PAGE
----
The American Civil Liberties Union of Rhode Island today sued the Johnston Police Department on behalf of retired Detective James Brady, an 18-year veteran of the force, for violating his First Amendment rights. In his role as union president of Local #307 of the International Brotherhood of Police Officers (IBPO), Brady spoke to news media about a matter of public concern and was subsequently disciplined by the Department. The suit filed today argues that Johnston Police Chief Richard Tamburini violated Brady’s free speech rights by suspending him without pay for two days for his comments, and that the policies under which Brady was disciplined are unconstitutionally vague.
In September 2016, as union president, James Brady spoke to the Providence Journal about police officer and union member Adam Catamero, who had been terminated from the Johnston Police force. The article sought to shed light on the circumstances of Catamero’s termination, and suggested that, although he was ostensibly fired for behavioral reasons, police department politics might have been at play. In his interview with the Journal, Brady “expressed disappointment” over Catamero’s firing, stating that he was a “straightforward, all-business kind of guy,” and that high-ranking officers “didn’t like the way [Catamero] did things.”
Several days after the Journal ran the article, Police Chief Tamburini launched an internal affairs investigation of Brady and charged him with violating multiple department policies regarding “dissemination of information” and “conduct unbecoming an officer.” Brady was further advised that he brought the “Department into disrepute” and impaired “operation and efficiency of the Department.” He was given a two-day unpaid suspension.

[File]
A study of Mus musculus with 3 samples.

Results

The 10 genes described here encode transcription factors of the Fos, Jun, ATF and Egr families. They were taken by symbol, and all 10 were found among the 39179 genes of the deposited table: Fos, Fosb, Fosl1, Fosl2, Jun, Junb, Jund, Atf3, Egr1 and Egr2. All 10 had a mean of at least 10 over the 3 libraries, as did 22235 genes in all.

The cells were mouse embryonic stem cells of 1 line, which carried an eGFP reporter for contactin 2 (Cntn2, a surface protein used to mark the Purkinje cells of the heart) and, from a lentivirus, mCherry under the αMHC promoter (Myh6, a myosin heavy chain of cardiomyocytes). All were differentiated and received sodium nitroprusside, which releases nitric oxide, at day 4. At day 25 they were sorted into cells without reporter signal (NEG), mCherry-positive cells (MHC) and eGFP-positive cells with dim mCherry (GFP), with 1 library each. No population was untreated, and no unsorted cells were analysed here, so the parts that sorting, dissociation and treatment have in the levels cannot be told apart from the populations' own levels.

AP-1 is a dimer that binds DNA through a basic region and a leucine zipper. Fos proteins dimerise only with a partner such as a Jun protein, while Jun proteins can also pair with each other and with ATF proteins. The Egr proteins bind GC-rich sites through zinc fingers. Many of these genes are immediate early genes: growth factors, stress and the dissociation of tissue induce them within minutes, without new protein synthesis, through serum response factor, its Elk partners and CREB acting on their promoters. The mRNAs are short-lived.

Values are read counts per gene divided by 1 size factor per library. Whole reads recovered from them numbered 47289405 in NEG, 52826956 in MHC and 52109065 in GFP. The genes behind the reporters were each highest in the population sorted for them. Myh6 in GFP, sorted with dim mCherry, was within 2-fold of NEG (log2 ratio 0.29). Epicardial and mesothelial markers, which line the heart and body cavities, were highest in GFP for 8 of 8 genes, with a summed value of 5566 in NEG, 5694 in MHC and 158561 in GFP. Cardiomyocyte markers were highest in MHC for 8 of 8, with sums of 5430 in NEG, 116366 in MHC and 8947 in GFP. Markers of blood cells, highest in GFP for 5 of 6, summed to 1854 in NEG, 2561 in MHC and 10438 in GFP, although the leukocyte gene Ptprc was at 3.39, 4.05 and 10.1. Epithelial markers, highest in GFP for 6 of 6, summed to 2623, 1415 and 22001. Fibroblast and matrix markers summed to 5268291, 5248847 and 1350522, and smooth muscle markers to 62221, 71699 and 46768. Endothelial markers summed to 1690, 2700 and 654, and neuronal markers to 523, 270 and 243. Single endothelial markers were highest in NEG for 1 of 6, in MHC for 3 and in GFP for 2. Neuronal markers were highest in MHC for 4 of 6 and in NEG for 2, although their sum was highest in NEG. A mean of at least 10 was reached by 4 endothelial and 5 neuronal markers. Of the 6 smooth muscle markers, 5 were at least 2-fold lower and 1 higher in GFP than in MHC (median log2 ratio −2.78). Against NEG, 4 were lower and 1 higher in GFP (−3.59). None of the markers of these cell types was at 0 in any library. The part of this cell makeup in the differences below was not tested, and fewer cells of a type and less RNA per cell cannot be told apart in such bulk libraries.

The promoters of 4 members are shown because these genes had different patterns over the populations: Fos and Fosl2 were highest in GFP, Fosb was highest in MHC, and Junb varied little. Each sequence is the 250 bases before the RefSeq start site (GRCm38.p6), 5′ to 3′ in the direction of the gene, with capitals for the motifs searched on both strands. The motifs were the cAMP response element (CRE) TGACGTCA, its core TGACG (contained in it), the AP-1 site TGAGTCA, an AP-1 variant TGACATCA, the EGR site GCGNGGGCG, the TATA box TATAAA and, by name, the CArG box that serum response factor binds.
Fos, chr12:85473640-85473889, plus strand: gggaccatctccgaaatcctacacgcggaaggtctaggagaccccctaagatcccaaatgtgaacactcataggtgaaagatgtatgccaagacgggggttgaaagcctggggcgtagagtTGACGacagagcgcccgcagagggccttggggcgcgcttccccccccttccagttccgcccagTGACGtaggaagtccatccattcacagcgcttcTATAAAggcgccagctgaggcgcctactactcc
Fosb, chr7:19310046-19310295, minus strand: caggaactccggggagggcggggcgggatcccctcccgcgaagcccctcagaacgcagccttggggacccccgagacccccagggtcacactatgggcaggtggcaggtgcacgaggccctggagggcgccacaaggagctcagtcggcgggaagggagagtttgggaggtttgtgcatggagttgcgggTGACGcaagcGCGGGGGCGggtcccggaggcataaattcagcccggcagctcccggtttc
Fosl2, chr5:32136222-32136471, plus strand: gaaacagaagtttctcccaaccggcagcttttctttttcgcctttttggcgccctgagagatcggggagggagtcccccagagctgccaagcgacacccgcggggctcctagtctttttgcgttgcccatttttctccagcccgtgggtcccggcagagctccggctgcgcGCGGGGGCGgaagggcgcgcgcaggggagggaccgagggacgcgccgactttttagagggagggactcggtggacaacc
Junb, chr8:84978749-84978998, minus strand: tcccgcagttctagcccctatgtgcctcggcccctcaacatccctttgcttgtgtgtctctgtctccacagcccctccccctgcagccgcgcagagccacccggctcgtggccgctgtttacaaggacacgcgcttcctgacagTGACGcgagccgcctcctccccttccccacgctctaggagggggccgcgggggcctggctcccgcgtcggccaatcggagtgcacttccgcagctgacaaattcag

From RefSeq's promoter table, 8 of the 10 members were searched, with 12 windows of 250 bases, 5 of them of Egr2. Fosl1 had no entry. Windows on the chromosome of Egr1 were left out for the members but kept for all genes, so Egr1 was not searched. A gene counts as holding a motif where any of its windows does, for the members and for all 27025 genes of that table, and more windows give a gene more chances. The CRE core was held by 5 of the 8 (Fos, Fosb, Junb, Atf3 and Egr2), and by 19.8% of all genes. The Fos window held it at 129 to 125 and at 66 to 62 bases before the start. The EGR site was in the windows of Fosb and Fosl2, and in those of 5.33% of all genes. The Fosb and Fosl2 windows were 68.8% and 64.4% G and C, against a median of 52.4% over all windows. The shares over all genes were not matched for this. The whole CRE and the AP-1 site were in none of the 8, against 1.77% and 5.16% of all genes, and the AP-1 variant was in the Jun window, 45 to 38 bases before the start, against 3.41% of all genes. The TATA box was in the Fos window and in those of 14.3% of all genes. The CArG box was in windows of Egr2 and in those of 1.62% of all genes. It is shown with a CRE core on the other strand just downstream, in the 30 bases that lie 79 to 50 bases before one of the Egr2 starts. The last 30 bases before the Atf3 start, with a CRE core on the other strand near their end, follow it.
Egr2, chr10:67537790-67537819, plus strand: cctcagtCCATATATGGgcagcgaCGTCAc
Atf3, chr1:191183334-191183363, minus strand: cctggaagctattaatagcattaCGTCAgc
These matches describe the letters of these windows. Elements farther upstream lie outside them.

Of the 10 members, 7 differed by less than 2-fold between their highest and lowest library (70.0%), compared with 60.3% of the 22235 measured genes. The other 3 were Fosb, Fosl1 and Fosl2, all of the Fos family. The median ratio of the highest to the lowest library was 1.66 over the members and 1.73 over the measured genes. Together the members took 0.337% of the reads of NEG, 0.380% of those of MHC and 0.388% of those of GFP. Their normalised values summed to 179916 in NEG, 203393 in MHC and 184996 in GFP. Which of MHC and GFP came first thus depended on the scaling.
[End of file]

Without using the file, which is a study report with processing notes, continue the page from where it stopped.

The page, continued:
The suit, filed today in U.S. District Court by ACLU of RI cooperating attorney John W. Dineen, seeks a court order invalidating, as a violation of the First Amendment, the policies under which Brady was disciplined; damages for his lost pay; and an award of attorneys’ fees.
Plaintiff Brady said today: “As the union president, I had an obligation to represent my membership 100%. In the past, many presidents have been sued for lack of representation. I took my responsibility very seriously, and I paid the price for doing so. If I had to do it all over again, I wouldn't change one thing. Catamero may have been terminated from the Johnston Police Department, but he was still a dues paying member of the International Brotherhood of Police Officers, and therefore I still represented him.”
Attorney John W. Dineen added: “This is a good case for this time because the First Amendment is not some annoying relic from James Madison's time. In 2017, freedom of speech and a free press are vital to surviving some serious bumps in the road as a society.”
“Let’s be clear. Brady was disciplined because he publicly defended Catamero, and the Department didn’t like it,” said Steven Brown, ACLU of RI executive director. “That the Department saw fit to sanction him for speaking as the president of his union, about a matter of important public interest, is deeply troubling, and according to our lawsuit, unconstitutional.”